Right Whales Migrate Down Florida East Coast

Florida Right Whale Map January 2020

DAYTONA BEACH, Florida – Endangered right whales are migrating south along Florida’s east coast and were spotted near Daytona Beach, Florida on January 1, 2020.

From November 15 to April 15 each year, pregnant females migrate from their northern feeding grounds to the sheltered waters of the calving ground to give birth to their young off of the east coasts of Georgia and Florida.

The North Atlantic right whale is one of the most endangered large whales in the world, according to the Florida Fish and Wildlife Conservation Commission.

Approximately 500 animals remain of the western North Atlantic population.

Whalers labeled these animals “right whales” because they considered them the “right” whales to hunt. They swam slowly in coastal waters, floated when dead, and yielded large amounts of oil and baleen.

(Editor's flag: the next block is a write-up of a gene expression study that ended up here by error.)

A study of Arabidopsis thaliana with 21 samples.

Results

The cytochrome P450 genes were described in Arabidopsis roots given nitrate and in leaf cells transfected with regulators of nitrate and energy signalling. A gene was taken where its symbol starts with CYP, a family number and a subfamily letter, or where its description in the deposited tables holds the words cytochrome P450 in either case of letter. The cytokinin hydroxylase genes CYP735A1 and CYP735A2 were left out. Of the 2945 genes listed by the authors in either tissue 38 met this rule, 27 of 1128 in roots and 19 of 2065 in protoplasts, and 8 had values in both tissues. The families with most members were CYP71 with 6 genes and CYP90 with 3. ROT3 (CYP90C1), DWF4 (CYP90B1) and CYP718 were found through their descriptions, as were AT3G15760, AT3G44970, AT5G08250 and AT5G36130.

A mother right whale and her calf off the Georgia coast.
A mother right whale and her calf off the Georgia coast. Credit: Sea to Shore Alliance, taken under NOAA research permit # 15488

Right whales had been hunted to near extinction when hunting was finally banned in 1935.

Right whales lack a dorsal fin. Instead, they have a large, flat back. When right whales breathe they produce a V-shaped blow that is often as high as 15 feet and is visible from a great distance.

When Right Whales are active off Florida and Georgi a, speed restrictions of 10 knots apply to vessels 65 feet or greater in specific areas and times along the U.S. East Coast.

It is illegal to approach right whales within 500 yards, according to NOAA.